Marrakech City Tour: Part 2


This is the second part of my tour of Marrakech. To read the first part, click here

Saadian Tombs

The Saadian Tombs are one of the top tourist attractions in Marrakech. The tombs are the final resting place for several members of the Saadi dynasty, including Sultan Ahmad al-Mansur. The entrance to the tombs is just a random opening in the wall which is fairly hard to locate if you don’t know what you are looking for (like pretty much every attraction in Morocco). If you can find the tombs, it is worth the 10 Mdh to take a peek inside. There are no information plaques, so it is helpful to have a guide give you a tour.


There are two main palaces in Marrakech that are open to the public, the Badi Palace and the Bahia Palace. The Badi Palace is a ruined palace that was constructed in the late 1500s by Sultan Ahmad al-Mansur. The palace is named Badi, meaning without compare, because the sultan wanted to show Europeans the grandeur of Morocco. After the decline of the Saadi Dynasty, the palace eventually went to ruin. Walking inside Badi Palace gives you a small glimpse into what life may have been like during its use, and the palace’s impressive size means there is lots of exploring within. If you climb to the rooftop terrace, you will also get some great views of the palace courtyard and the Marrakech skyline.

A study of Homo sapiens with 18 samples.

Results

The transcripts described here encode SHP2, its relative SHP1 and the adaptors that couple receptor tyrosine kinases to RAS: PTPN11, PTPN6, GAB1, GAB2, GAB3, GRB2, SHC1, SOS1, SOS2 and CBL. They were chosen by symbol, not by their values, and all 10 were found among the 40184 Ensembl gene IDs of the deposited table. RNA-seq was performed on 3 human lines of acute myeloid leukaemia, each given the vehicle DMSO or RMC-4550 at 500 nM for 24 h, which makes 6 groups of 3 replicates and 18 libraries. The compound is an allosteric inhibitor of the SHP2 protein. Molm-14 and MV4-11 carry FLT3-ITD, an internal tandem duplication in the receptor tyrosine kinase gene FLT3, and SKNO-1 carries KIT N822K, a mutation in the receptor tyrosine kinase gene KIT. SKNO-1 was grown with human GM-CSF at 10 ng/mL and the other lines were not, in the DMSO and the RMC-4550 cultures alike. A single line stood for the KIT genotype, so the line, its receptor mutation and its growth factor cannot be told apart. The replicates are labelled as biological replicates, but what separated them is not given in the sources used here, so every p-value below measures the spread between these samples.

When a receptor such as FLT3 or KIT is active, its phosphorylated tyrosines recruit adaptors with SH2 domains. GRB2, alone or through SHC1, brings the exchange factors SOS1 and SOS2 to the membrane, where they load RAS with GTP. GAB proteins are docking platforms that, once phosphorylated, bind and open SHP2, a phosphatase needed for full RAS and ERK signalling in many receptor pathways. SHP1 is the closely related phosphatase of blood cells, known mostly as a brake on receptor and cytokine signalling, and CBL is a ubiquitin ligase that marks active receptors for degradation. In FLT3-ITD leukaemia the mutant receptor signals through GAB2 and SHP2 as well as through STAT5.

Jardin Majorelle (Majorelle Garden)

Majorelle Garden is a beautiful and tranquil oasis in the middle of Marrakech, a city of chaos. The gardens were built by the French artist Jacque Majorelle in the early 1900s. On display are a variety of plants, such as cacti and bamboo, but I was equally intrigued by the bright paint colors and intricate details on the walls, buildings and ceramic pots found throughout the gardens. In the late 1980s, the French fashion designer, Yves Saint-Laurent, purchased the gardens, and his ashes were scattered there upon his death in 2008. A small memorial stands in his honor within the gardens.